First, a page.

Amazon versus everyone else

Which retailers are competing, dominating and lagging behind the behemoth when it comes to online purchases?
Ecommerce

In a survey consisting of 1,500 English and French Canadians, digital agency Reprise recently looked at how purchasing journeys are changing, from where and why they shop online.

While 75% of survey respondents say they’ve shopped on Amazon in the past six months (which is significantly less than traditional retailers like Walmart at 31% and Costco at 29%, according to the report), they do plan to shop other sources in the future.

The growth potential (the likelihood of consumers shopping other retailers’ online offerings in the future) for Costco was the highest at 23 points; Canadian Tire and Best Buy tied at 21 points; Wayfair came in at 20; while Walmart and Home Depot tied at 19. Indigo, Well.ca, Ebay, Sephora, Shoppers, Rona, The Bay, Lowes and Loblaws sat below, descending in that order between 17 and 1o points.

Survey respondents were given the same selection of retailers, and asked where they are most likely to purchase products (across different categories) online.

According to the results, Amazon faces competition from Walmart for grocery purchases online: 22% of survey respondents say they are most likely to purchase food items online from the retailer, versus 21% from Amazon. As for patio and garden products, shoppers are more likely to shop Home Depot’s ecommerce offering (19%) than Amazon (16%). Online health and beauty purchases are more likely to happen at Shoppers (22%) than Amazon (19%).

Wayfair (26%), Best Buy (39%) and Canadian Tire (38%) are more dominant when it comes to online purchases across furniture, electronics and automotive (respectively) than Amazon (16%, 28%, and 23%).

However, on the other side of the coin, toys and games are significantly more likely to be purchased on Amazon (40%) versus Walmart (19%) online; appliances are more often purchased from Amazon (26%) than the second-most cited option, Costco (12%); while Amazon also brings in more baby-related purchases (30%) than Walmart online (20%).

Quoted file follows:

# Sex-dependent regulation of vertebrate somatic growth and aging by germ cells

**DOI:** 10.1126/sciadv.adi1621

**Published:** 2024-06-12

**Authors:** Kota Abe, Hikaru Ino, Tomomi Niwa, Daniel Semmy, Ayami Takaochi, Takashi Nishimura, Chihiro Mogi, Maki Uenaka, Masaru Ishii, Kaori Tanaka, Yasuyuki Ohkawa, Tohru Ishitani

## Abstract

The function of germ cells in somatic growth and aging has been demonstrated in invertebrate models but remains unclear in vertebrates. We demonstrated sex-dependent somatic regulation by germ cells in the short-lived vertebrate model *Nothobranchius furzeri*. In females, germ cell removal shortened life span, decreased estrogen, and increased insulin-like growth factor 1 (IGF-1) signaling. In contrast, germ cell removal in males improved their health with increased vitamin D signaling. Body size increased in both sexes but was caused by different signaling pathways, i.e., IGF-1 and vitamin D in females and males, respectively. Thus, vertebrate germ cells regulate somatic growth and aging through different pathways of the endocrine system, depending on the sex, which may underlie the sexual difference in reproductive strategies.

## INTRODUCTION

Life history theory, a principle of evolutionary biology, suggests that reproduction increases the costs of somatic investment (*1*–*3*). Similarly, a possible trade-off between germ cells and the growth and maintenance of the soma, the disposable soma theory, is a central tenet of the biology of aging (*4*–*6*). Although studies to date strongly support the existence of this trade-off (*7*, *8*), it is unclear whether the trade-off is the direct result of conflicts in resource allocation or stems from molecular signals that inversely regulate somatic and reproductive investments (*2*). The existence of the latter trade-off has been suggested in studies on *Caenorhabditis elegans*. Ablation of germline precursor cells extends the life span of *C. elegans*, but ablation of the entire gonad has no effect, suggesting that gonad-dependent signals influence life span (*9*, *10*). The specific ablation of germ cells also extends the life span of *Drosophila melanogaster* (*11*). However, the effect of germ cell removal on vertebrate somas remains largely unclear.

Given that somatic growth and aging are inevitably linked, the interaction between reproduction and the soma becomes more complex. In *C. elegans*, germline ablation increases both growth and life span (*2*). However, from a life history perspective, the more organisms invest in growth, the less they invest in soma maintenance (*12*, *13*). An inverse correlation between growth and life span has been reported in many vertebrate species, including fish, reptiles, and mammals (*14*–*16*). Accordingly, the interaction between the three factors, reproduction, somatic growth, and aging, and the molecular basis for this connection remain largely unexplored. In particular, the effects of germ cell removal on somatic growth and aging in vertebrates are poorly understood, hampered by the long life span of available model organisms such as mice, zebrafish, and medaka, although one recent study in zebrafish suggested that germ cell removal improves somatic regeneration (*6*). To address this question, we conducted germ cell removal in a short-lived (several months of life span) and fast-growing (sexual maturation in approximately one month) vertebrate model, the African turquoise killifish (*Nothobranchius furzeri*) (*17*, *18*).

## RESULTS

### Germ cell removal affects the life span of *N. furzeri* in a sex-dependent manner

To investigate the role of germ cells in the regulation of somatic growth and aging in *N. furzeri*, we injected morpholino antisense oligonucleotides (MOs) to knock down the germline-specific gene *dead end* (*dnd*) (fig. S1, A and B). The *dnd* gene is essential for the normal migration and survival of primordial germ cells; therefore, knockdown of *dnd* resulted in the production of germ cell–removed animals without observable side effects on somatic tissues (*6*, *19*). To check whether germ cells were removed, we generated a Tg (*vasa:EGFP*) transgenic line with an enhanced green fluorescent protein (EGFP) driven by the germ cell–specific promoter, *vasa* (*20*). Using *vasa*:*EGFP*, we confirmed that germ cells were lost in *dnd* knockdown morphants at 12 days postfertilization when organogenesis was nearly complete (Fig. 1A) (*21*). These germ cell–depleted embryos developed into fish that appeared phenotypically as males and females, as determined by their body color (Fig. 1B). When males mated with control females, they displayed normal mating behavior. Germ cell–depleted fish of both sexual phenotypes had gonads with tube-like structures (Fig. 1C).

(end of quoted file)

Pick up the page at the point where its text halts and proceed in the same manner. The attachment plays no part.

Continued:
According to the survey, it takes an average of eight days for a person to research products before purchasing online. This was then broken down by category: it takes 2-4 days to research grocery, baby products, books, health and beauty; 4-6 days for clothing, toys and games and auto parts; 7-9 days for garden and kitchen supplies; and 10-12 days for electronics and furniture.

The primary barrier to online purchasing is shipping fees, with 68% of respondents citing this as a disadvantage. The second barrier is an inability to “touch and feel a product before buying” (58%), while shipping times is the third-largest barrier to purchase at 39% (a demographic breakdown reveals 50% of those under 34 see this as a concern, versus 35% for the 35 and older set). Consumers are also concerned that they won’t get their purchased items as a result of “packaging theft” (21%) and some even cite wanting human interaction when they shop (18%). A small 5% say they’re just not comfortable with the online shopping process in general.

In-store trials or showrooming is most prevalent for clothing at 82% of survey respondents. Millennials and Gen Y are far less likely to prioritize the tactile element of apparel shopping than their older peers: 58% like to touch and feel products, versus 86% for the 35-plus demo. Similar discrepancies happen with furniture and appliances. However, there is overlap when it comes to the grocery category: 56% of millennials and Gen Y, compared to 58% for those over 35.